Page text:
Iraqi Politician Calls For Reporter's Release - - Tyler, Longview, Jacksonville |ETX News


Iraqi Politician Calls For Reporter's Release

The Sunni politician whom American journalist Jill Carroll reportedly had planned to interview the morning she was kidnapped called Friday for her release in the name of God.

Adnan al-Dulaimi, head of the General Conference of the Iraqi People, held a news conference carried on Arab satellite channels, adding his voice to the growing chorus of appeals.

In a statement published on the Web site of Carroll's paper, The Christian Science Monitor, al-Dulaimi, also identified with the Iraqi Accordance Front, said, "I promise you again, I'll do my best to release this journalist. Kidnapping her is an act against the Iraqi people. Nobody accepts this at all."

He prefaced the statement by saying, "You can publish this as a statement on my behalf condemning his act, although it's going to expose me to danger, but if you think it's going to help, I don't mind publishing it."

The 28-year-old Carroll had reportedly gone to his office on January 7 and waited for him for 25 minutes. She and her interpreter were attempting to leave when kidnappers stopped their car within 300 yards of al-Dulaimi's office, according to an article published in The Christian Science Monitor.

Her Iraqi interpreter, Allan Enwiyah, was found dead, shot twice in the head, the newspaper said. Her Iraqi driver escaped.

Carroll's captors have threatened to kill her by a 72-hour deadline, set to expire sometime Friday, unless the U.S. military releases all female Iraqi prisoners.

The U.S. military has said it has eight women in custody. Although Iraq's Justice Ministry said six were to be freed in an action unrelated to the kidnappers' demands, the U.S. military would not confirm that.

Since Tuesday, Al-Jazeera has aired two video segments in which she appears.

The segment on Thursday shows Carroll dressed in traditional Arab garb -- kneeling or sitting -- with three armed gunmen standing nearby.

Parents, groups appeal to kidnappers

Also appealing to Carroll's kidnappers was her father, saying they should "use Jill to be your voice to the world."

"I want to speak directly to the men holding my daughter Jill because they may also be fathers like me," Jim Carroll said in the statement that aired Friday on the Arabic-language network Al-Jazeera.

"My daughter does not have the ability to free anyone. She is a reporter and an innocent person. Do not sacrifice an innocent soul ... as a father, I appeal to you to release my daughter for the betterment of all of us. And I ask the men holding my daughter to work with Jill to find a way to initiate a dialogue with me."

Florence Aubenas, the French journalist who was held hostage for six months last year, said she hoped Carroll's captors believe she is a journalist. "Obviously, you have no other proof but your word. So I hope they are going to believe her, as they believed me," she said Friday.

On Thursday the hostage's mother, Mary Beth Carroll, publicly pleaded with the kidnappers "to release this young woman who has worked so hard to show the suffering of Iraqis to the world."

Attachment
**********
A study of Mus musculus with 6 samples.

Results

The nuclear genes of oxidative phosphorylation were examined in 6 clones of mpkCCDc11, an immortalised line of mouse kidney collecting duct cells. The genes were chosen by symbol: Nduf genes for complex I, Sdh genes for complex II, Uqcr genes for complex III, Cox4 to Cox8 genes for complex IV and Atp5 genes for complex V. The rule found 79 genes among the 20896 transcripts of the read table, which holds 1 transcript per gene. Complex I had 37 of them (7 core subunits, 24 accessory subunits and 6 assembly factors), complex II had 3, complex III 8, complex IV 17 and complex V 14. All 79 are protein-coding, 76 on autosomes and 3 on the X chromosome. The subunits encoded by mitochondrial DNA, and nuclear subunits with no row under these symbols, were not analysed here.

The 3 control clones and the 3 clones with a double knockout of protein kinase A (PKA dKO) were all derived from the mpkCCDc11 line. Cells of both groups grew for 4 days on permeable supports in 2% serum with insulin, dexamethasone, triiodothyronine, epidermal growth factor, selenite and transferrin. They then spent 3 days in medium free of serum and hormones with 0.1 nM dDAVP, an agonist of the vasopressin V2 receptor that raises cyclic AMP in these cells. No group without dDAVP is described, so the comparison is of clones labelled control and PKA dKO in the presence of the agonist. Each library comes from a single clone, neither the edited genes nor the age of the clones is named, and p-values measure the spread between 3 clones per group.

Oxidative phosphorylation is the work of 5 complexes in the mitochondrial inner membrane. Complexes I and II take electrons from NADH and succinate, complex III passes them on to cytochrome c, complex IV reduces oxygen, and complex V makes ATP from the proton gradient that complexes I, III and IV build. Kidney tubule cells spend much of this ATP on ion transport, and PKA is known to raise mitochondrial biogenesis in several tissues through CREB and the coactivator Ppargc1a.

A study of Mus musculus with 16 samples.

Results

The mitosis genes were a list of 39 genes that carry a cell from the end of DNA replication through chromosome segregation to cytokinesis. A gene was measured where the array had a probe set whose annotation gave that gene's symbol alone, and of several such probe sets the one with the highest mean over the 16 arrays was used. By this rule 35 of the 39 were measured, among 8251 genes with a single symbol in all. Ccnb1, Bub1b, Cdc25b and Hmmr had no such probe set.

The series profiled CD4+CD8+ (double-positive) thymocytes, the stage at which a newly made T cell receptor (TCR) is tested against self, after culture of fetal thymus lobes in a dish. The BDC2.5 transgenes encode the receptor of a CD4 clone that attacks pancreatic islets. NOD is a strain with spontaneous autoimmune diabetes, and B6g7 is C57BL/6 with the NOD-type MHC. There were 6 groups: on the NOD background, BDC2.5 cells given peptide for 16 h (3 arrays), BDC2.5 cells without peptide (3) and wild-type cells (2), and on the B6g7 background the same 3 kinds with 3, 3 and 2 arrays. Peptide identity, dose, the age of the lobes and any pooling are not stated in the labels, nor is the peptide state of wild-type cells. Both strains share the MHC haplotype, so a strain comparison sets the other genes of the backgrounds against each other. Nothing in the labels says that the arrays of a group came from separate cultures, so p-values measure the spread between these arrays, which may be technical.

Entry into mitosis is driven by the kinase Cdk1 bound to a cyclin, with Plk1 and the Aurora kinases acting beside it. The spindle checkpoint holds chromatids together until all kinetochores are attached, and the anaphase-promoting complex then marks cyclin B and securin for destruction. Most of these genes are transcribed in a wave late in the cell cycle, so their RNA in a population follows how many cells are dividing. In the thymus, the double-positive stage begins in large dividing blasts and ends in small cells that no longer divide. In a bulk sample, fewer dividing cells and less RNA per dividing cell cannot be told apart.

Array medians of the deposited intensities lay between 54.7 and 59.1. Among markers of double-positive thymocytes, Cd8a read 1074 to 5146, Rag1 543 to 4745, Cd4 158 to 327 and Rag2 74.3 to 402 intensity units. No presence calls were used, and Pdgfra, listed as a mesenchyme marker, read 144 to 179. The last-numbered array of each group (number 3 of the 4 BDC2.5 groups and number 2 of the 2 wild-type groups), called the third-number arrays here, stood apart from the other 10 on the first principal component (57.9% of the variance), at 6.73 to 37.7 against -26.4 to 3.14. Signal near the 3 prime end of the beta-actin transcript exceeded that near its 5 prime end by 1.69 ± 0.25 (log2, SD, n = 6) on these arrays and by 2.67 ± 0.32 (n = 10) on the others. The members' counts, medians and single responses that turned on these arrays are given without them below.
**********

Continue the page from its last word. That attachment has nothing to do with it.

Emotional appeals for the freelance reporter's release also were made Thursday by former U.S. presidential nominee John Kerry and the Council of American-Islamic Relations, a leading Muslim group.

CAIR issued a "partial" list of nearly 50 "American Muslim leaders, scholars and organizations" who want Carroll set free. The organization also has sent a delegation to Iraq to help secure Carroll's freedom.

In its statement, CAIR said, "We, the undersigned representatives of the American Muslim community, call for the immediate and unconditional release of Jill Carroll, a journalist with a well-documented record of objective reporting and respect for both the Iraqi people and Arab-Islamic culture."

"We ask that her captors show mercy and compassion by releasing her so that she may return to her family. Certainly, no cause can be advanced by harming a person who only sought to let the world know about the human suffering caused by the conflict in Iraq."

Carroll's friends and former co-workers said on CNN's "Larry King Live" on Thursday they hope her fluent Arabic and knowledge of the Middle East may help convince her captors to release her unharmed.

"The kidnappers who took Jill need to know that Jill is only an innocent journalist ... who only went to Iraq only to convey the truth, to tell the stories of the Iraqi people," close friend Natasha Tynes said. "She had nothing to do with the war that happened in Iraq."

"I'm hoping that her Arabic skills and her knowledge of the region will help her to survive this," the Jordanian woman said.

Rajiv Chandrasekaran, former Baghdad bureau chief for The Washington Post, met Carroll in 2002 in Amman, Jordan, where she worked for a year before going to Iraq.

"It's just a devastating development," he said. "Like everybody else out there, I'm hoping and praying for her release. It underscores the dangers of working there as a journalist."

"Jill is a spunky, courageous woman. I was struck when I first met her by her sheer chutzpah," he said. As soon as Carroll arrived in the Middle East, she began studying Arabic and was determined to master it, he added.

Aparisim "Bobby" Ghosh, former Baghdad bureau chief for Time magazine, said Carroll feels "very strongly" that journalists have a key role in communicating the situation in Iraq to outsiders.

Stephen Farrell, bureau chief for The Times of London in Jerusalem, was kidnapped near Falluja, Iraq, in April 2004. He was freed, he said, after convincing his captors he was an active journalist.

"There are no rules in Iraq. You can't know what's going to happen," he said.